Soft Skills and Strategies to Assess Them

April 1st, 2019 by ifi-admin


In LinkedIn’s 2019 Global Trends survey and report, more than half (57%) of the companies surveyed said they struggled to assess soft skills. At the same time, 80% said soft skills were increasingly important to company success, with 92% reporting that soft skills matter as much or more than hard skills. In the age of automation and AI, workers need to possess creativity, adaptability, and collaboration skills. And if they don’t, they may become the dreaded “bad hire” that not only wastes time and money, but also jeopardizes company productivity, quality and reputation.

What are the top soft skills sought?

According to the Global Talent Report, the most sought after soft skills are:

  • Creativity
  • Persuasion
  • Collaboration
  • Adaptability
  • Time-Management

Creativity is the ability to solve problems in original ways, and is a skill that machines can’t easily replicate. The McKinsey study on automation predicts that the demand for creativity will rise sharply by 2030 as automation transforms industry.

Effective teamwork demands skillful evaluation of team members’ viewpoints, approaches to work, and reward-responsiveness. Here’s where persuasion and collaboration come into play.

Shifting skill requirements amidst the lightning pace of technological advance creates the need for adaptability and strict time management to perform in agile environments.

Ways to Assess Soft Skills

Sixty-eight percent of the Global Talent report’s respondents said the main way they assess soft skills is by picking up on social cues in interviews. The problem, the report points out, is that perceptions aren’t predictive, and can often be unconsciously biased, hence the need for an accurate and consistent method of assessment.

Additional methods reported include the following:

  • 75% of companies surveyed rely most heavily on behavioral questions to assess soft skills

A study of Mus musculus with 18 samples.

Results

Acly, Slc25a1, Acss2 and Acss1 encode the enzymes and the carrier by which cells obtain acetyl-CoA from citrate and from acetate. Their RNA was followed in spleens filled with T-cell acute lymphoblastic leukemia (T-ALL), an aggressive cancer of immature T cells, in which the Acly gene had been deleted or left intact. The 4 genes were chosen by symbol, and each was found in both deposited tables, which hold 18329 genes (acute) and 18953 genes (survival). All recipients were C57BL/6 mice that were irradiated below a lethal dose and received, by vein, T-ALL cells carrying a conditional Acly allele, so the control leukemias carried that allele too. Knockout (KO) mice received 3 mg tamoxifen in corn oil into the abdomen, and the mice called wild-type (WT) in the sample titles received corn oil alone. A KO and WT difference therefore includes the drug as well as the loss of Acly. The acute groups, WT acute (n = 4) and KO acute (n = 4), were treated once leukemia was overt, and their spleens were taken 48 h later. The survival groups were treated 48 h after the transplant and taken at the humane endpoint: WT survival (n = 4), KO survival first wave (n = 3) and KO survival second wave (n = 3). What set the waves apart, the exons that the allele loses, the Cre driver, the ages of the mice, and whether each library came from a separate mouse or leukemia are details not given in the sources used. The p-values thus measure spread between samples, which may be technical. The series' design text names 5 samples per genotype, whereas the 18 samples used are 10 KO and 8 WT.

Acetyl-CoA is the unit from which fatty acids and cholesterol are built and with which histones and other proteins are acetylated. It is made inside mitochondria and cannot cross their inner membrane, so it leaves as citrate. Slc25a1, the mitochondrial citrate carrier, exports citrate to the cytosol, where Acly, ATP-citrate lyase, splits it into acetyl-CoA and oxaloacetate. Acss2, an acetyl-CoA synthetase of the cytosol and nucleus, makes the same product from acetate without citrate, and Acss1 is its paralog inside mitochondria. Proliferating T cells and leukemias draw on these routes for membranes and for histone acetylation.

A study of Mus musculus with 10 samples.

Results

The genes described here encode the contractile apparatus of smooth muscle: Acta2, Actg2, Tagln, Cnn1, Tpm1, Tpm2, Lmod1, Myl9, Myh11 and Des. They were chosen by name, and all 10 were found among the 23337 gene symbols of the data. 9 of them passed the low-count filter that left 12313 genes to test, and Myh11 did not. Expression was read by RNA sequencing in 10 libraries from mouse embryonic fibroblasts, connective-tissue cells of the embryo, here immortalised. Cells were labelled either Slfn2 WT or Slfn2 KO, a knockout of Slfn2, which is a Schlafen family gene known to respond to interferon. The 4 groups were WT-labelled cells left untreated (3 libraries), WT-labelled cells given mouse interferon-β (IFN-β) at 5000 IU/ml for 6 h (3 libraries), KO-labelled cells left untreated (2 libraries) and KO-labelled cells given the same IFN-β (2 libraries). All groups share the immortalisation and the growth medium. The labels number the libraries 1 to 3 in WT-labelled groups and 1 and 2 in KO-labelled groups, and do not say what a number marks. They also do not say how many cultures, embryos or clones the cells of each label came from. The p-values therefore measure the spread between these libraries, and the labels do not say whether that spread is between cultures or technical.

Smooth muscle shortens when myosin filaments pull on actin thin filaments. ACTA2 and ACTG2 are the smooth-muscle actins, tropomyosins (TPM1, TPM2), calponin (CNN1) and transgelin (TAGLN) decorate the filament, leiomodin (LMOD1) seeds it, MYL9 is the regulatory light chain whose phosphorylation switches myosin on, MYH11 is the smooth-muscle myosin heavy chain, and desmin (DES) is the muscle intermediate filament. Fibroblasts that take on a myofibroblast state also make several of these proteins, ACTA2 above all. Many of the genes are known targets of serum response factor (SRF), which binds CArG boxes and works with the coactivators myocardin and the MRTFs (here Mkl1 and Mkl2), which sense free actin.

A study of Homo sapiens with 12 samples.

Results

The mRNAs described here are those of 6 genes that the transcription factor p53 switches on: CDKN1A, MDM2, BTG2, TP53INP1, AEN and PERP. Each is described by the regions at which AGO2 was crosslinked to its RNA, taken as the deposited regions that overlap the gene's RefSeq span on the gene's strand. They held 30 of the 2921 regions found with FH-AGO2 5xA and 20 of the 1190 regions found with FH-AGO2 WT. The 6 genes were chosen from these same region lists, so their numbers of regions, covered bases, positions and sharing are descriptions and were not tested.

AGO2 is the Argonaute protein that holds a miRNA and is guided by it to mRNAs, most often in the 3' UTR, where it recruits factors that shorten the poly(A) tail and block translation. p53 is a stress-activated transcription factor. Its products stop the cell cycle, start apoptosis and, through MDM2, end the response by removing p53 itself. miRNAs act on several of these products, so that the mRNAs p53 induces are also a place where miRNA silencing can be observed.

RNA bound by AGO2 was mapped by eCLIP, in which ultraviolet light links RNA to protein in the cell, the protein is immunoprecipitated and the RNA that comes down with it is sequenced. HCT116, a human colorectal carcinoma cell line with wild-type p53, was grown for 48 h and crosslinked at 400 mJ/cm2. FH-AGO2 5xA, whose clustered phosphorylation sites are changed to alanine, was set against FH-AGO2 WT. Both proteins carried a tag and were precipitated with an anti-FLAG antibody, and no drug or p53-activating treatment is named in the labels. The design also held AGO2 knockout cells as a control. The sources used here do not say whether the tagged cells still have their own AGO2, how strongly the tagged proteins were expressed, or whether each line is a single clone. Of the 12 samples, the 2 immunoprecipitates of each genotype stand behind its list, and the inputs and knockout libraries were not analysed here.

• 70% read body language during the interview
  • 58% rely on situational questions
  • 31% use projects
  • 17% use technical assessments

“Behavioral and situational questions can be effective if they are structured and consistently applied,” said Kay Durkin, founder of Phoenix Partners. “However, these types of questions can also elicit rehearsed responses.”

Durkin, like many successful Independent Recruiters, has long been a proponent of screening for soft skills, because she knows first-hand that candidates with the strongest soft skills are the most likely to be retained by the client company and advance their careers.

Tips for Better Soft Skill Assessment

1. Define the soft skills most valued at your company by profiling your most successful employees. Just as a recruiter does, review your most successful hires to see what traits they possess and help identify the right set of soft skills for your company and/or specific roles.

2. Explore online tools to pre-screen candidates. Consider using pre-hire neuro assessments such as HireVue, which uses AI to analyze recorded interviews and identify soft skills. Game-Based assessments such as Plum, Koru and Pymetrics also use AI to measure candidates’ soft skills more systematically. Job Fit testing can also be added to the process to help understand the candidate’s strong preferences in work environment and culture.

3. Standardize and score behavioral interview questions. – To eliminate bias and to give a deeper dimension to your behavioral interview questions, standardize them so that the same set of soft-skill questions are used, in the exact same order, for every interview. Develop a scoring method and weight it accordingly within the overall candidate score.

4. Create more ways to witness soft skills in action. While the resume, cover letter, and initial screening interviews give an initial sense of some candidate soft skills, such as communication, they don’t give you a true glimpse of the candidate in action. Create opportunities to witness a candidate’s soft skills by assigning a project, arranging a team meeting for the candidate to lead with current department members, or having the candidate troubleshoot a real problem experienced by your company.

5. Leverage references to determine a soft-skill assessment. – When contacting a candidate’s references, ask them to rank a candidate on soft-skill traits. Ask the kinds of questions that will help you specifically assess individual soft skills, such as the following:

  • Can you describe the candidate’s relationships with his/her co-workers, superiors, and direct reports?
  • What has he/she done in his/her position that was unique or highly valuable to the organization and/or department?
  • How is he/she different from others with whom you have worked?
  • How would you describe his/her management style?
  • What sets him/her apart from others in the same capacity?

6. Nurture candidates early in their careers. – Engaging prospective candidates earlier in their careers and hiring for potential is one way that top companies develop stellar teams. It is tempting to want to hire the marginal employee from other companies and departments, but “growing your own” gives you better access to the skills you seek in the long run.

Need help finding candidates with superior soft skills? Talk to Phoenix Partners.